Law enforcement coalition’s effort at de-escalation leaves a lot to be desired

In some cases, say police executives, it’s okay to shoot a fleeing suspect.

A member of the St. Louis County Police Department points his weapon in the direction of a group of protesters in Ferguson, MO. CREDIT: AP Photo/Jeff Roberson
A member of the St. Louis County Police Department points his weapon in the direction of a group of protesters in Ferguson, MO. CREDIT: AP Photo/Jeff Roberson

This week, a coalition of 11 law enforcement organizations, including the International Association of Chiefs of Police (IACP), Fraternal Order of Police (FOP), National Association of Police Organizations, released newly agreed upon standards for using lethal and non-lethal force. Notably, the groups agreed that de-escalation should be a policy priority nationwide. But the standards reinforce vague policies that protect cops who pull the trigger and make it easy for officers to make up reasons for using force after they’ve already done so.

According to the National Consensus Policy on Use of Force, published on Tuesday, “An officer shall use de-escalation techniques and other alternatives to higher levels of force consistent with his or her training whenever possible and appropriate before resorting to force and to reduce the need for force.” As long as de-escalation doesn’t jeopardize the safety of people in the surrounding area, including themselves, officers should use verbal and non-verbal cues — including “advisements, warnings, verbal persuasion, and tactical repositioning” — to slow things down.

On its surface, the inclusion of de-escalation language in the consensus policy is a victory for mental health, disability, and police reform advocates who have long called on cops to show restraint before using force.

“We never said that de-escalation wasn’t a valid concept,” Jim Pasco, the executive director of the FOP, told the Washington Post. “We just said it’s not something that can be deployed in every instance, it’s not the be-all and end-all in the options in the use of force continuum.”

But the policy also leaves a lot of room for officers to make deadly judgment calls.

The new guidelines enforce the legal standard — backed by the U.S. Supreme Court — that says officers can use force when it is “objectively reasonable” to do so. If civilian or police safety is threatened, officers can engage. But videos show that, time and time again, officers resort to lethal force when there is no immediate threat — a pattern that the Department of Justice has verified during its many investigations of law enforcement agencies nationwide.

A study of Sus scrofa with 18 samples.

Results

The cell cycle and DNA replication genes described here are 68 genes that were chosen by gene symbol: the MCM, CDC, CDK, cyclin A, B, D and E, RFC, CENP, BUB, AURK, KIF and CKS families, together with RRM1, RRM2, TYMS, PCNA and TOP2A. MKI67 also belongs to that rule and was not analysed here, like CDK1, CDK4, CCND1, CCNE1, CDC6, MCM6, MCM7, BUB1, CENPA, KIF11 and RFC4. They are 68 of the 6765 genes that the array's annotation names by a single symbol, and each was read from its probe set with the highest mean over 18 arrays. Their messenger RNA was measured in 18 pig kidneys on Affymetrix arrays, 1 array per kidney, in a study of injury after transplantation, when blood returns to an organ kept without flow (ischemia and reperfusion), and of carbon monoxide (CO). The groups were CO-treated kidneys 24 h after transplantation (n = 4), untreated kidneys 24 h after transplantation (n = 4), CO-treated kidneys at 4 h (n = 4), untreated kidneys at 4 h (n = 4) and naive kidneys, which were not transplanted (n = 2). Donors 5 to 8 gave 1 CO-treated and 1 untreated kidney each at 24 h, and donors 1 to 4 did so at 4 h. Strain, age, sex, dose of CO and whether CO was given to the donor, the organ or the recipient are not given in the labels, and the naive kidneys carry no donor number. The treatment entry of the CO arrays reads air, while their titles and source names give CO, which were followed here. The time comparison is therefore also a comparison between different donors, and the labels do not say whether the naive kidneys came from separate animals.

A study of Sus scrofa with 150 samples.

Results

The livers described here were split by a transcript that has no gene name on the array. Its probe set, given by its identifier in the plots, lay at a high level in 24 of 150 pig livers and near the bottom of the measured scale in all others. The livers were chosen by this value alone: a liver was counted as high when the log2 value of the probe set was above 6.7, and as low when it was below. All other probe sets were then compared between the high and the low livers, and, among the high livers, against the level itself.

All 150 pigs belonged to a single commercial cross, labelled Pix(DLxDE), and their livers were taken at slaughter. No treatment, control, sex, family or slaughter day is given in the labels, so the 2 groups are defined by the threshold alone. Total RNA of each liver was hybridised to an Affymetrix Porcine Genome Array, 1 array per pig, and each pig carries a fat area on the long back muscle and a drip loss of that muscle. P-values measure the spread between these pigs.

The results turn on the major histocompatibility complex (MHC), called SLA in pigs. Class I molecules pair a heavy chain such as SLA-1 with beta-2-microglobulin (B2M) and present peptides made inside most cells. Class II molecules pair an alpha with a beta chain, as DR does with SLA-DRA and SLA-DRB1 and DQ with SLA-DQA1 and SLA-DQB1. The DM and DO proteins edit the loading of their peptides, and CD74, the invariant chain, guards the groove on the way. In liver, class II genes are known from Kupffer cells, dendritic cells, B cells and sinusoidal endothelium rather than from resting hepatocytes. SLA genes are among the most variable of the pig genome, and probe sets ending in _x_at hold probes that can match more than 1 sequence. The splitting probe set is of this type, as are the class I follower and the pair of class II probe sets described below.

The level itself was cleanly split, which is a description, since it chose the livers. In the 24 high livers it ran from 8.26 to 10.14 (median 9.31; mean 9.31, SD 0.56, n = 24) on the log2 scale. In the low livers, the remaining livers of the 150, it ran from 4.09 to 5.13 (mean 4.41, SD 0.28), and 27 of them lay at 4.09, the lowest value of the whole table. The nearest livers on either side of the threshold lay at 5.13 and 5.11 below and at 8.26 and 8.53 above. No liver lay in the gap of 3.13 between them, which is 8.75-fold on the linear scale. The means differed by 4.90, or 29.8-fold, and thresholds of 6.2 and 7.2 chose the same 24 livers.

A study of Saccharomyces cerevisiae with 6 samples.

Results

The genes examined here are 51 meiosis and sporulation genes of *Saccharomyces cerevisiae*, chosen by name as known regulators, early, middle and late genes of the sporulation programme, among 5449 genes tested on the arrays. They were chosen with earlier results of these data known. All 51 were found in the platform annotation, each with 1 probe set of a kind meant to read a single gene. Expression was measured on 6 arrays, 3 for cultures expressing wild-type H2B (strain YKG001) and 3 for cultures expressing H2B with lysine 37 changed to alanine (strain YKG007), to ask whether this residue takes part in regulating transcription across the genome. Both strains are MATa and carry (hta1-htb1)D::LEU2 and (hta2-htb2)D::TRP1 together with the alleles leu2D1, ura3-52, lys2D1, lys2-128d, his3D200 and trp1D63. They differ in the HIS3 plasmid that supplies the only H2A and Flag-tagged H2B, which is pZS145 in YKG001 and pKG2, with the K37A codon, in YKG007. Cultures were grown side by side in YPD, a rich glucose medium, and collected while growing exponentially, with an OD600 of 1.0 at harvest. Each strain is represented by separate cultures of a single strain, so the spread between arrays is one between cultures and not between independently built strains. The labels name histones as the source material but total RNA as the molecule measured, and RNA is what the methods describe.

Racial bias and recklessness underscore many use of force incidents across the country, but officers who use weapons, tasers, and their bodies to subdue and kill civilians enjoy the privilege of “reasonable doubt,” making it near-impossible to charge or convict them for wrongdoing. The consensus policy still gives officers latitude to decide when things should be slowed down, instead of enforcing clear and comprehensive guidelines for doing so.

The policy also goes so far as to say that police may use deadly force “to prevent the escape of a fleeing subject when the officer has probable cause to believe that the person has committed, or intends to commit a felony involving serious bodily injury or death.” Choke holds are also fair game if “deadly force is authorized,” but the policy doesn’t specify who should make that decision.

The police organizations that convened to establish these guidelines want departments to stress their commitment to “[valuing] and [preserving] human life,” according to the Washington Post.

But if an officer wants to shoot, he or she can.

Pasco, who leads the largest police union in the country, said the agreement was “historic” in scope. But it may not do enough to build trust with the communities police serve — a priority that the IACP announced last year.


“Events over the past several years have caused many to question the actions of our officers and has tragically undermined the trust that the public must and should have in their police departments,” Terry Cunningham, the IACP’s former president who called for a consensus policy, said last year. “For our part, the first step in this process is for law enforcement and the IACP to acknowledge and apologize for the actions of the past and the role that our profession has played in society’s historical mistreatment of communities of color.”